How “Ring Fit Adventure” is becoming my game of 2020

For anyone who owns a Nintendo Switch, this title might be the essential lockdown purchase. I’ve actually had my copy since release and until now, was only using it infrequently as training for a half marathon and a weekly game of low-quality football provided me with the exercise I needed.

This whole situation and the subsequent lockdown means I can only leave my 1-bedroom flat to head to the supermarket and most of my usual exercise has been replaced by a fitness game that many would write off as a gimmick.

If you don’t have any exercise equipment or much space to exercise, it’s a great way to blow off some steam, get some regular exercise, and attempt to maintain a healthy lifestyle, especially when you can’t get leave your hourse anywhere near as often as you’d like. After all, if you already have a Nintendo Switch, you just need to invest in the game, which retails for $79 / £64.99 / €79 with the game and the Ring-Con and Leg Strap accessories.

At the time of writing, copies are difficult to get a hold of and there are plenty of sellers on sites like Amazon who are profiteering off this horrible situation and charging more than twice the RRP of the game.

Not all hope is lost, though. If you can’t get Ring Fit Adventure, you could also dust off your Wii Fit balance board or focus on games that get you moving. Games like Arms, Beat Saber, or any game with motion controls are a good way to get some exercise.

I’m not saying that everyone should invest in Ring Fit Adventure (though if you can get a copy at RRP, I would highly recommend it), but in times like these, you should find an enjoyable way to regularly exercise.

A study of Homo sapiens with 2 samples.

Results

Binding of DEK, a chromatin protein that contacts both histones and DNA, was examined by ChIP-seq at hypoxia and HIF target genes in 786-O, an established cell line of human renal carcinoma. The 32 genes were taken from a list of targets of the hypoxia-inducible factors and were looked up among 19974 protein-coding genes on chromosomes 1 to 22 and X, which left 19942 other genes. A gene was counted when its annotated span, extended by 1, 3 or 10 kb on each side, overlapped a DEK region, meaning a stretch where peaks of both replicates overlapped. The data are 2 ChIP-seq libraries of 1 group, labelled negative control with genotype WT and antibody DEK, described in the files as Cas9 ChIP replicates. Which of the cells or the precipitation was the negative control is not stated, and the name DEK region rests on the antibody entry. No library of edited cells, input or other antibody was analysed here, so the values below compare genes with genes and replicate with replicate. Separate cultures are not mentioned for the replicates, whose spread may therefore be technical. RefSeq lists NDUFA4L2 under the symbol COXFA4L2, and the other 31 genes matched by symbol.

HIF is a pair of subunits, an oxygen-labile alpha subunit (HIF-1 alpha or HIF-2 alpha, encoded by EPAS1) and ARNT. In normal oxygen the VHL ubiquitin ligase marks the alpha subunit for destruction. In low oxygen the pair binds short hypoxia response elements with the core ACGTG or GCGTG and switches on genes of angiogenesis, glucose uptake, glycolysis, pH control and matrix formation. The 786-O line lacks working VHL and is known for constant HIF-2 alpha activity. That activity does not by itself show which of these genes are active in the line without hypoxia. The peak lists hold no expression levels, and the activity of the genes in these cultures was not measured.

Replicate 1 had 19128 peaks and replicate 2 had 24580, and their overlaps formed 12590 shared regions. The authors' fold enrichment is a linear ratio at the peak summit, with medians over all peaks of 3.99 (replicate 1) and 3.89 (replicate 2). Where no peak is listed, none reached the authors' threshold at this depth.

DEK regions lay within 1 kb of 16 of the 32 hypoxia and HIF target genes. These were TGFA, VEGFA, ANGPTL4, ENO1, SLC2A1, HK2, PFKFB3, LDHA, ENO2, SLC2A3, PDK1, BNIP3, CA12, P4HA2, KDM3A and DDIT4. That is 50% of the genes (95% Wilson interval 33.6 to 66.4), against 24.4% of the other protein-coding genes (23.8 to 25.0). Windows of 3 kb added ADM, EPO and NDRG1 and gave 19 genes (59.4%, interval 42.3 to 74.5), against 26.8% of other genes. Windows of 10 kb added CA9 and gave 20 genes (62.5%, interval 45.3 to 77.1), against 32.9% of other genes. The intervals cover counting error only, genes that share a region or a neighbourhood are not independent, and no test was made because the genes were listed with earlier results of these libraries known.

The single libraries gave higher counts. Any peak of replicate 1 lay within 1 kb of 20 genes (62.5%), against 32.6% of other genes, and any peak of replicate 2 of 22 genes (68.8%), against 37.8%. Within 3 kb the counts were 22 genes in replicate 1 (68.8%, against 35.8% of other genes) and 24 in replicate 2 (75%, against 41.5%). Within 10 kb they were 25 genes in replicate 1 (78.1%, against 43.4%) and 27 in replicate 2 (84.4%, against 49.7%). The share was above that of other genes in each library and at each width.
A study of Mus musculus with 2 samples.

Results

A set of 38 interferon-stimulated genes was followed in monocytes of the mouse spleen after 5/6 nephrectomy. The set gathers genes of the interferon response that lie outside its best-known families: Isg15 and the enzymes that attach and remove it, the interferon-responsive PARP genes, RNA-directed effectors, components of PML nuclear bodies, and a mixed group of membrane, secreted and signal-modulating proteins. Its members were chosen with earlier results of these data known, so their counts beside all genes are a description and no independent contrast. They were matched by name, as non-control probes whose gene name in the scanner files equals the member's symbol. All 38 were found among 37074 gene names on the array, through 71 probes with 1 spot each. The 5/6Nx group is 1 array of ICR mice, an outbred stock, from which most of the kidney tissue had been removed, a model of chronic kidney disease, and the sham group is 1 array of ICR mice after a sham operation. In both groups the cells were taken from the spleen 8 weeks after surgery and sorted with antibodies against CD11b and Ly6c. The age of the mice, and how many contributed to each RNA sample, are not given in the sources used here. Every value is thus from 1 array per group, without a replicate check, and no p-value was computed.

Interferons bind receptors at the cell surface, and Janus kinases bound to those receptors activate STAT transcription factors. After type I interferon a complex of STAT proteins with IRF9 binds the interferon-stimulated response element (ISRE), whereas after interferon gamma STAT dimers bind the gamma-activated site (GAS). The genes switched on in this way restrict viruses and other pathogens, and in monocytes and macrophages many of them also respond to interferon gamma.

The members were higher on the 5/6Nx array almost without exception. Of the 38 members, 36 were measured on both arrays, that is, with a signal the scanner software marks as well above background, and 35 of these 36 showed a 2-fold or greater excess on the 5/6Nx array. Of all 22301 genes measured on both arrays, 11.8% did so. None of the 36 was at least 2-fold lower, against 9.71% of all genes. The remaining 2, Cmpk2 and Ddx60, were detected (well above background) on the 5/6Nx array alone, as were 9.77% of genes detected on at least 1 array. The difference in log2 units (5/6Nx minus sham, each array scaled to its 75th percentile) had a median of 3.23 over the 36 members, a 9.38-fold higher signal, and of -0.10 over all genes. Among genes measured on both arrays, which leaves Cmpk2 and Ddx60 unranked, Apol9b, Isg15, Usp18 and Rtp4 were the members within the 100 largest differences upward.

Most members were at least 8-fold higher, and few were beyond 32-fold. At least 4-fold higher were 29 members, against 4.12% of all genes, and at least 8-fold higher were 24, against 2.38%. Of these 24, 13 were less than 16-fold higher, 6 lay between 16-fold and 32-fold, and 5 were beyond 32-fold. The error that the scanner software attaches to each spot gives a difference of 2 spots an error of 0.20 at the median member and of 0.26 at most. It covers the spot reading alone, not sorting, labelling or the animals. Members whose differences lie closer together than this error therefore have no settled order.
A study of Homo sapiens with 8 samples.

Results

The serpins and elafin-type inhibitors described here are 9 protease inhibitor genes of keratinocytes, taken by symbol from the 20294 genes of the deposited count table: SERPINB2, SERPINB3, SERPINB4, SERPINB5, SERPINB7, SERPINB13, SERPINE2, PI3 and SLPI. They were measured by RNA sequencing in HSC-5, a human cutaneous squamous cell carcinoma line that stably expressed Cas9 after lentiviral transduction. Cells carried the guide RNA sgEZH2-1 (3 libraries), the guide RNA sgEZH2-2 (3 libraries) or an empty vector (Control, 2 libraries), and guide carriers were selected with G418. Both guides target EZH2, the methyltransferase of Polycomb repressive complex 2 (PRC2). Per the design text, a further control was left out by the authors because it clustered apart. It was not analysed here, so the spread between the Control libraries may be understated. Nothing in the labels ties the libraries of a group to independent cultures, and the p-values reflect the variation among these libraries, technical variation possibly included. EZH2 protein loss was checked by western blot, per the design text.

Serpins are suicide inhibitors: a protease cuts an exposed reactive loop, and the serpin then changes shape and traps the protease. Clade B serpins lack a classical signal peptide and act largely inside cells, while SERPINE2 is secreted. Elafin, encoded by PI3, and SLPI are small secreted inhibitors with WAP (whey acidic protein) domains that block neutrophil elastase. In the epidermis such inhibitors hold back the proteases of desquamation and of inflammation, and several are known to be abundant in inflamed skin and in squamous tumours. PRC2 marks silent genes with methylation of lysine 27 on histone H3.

You don’t necessarily need a lot of space and even just half an hour a day is proven to be hugely beneficial for your health. Furthermore, regular physical activity can do wonders for both your mental health, so make sure you’re doing what you can.

If you do need more help, reach out to friends and family or get in touch with a professional. Similarly, I’ve found these practices from Partners in Health, especially #3, to be particularly useful:

  1. Social distancing does not mean emotional distancing; use technology to connect widely;
  2. Clear routines and schedule, seven days a week, at home—don’t go overboard;
  3. Exercise and physical activity, daily if possible;
  4. Learning and intellectual engagement—books, reading, limited internet;
  5. Positive family time—working to counter negativity;
  6. Alone time, outside if possible, but inside too; but remember, don’t isolate;
  7. Focused meditation and relaxation;
  8. Remember the things that you really enjoy doing, that you can do in this situation, and find a way to do them;
  9. Limit exposure to TV and internet news; choose small windows and then find ways to cleanse yourself of it;
  10. Bathe daily, if possible, to reinforce the feeling of cleanliness.

If you have any recommendations for games that get you moving, let us know in the comments!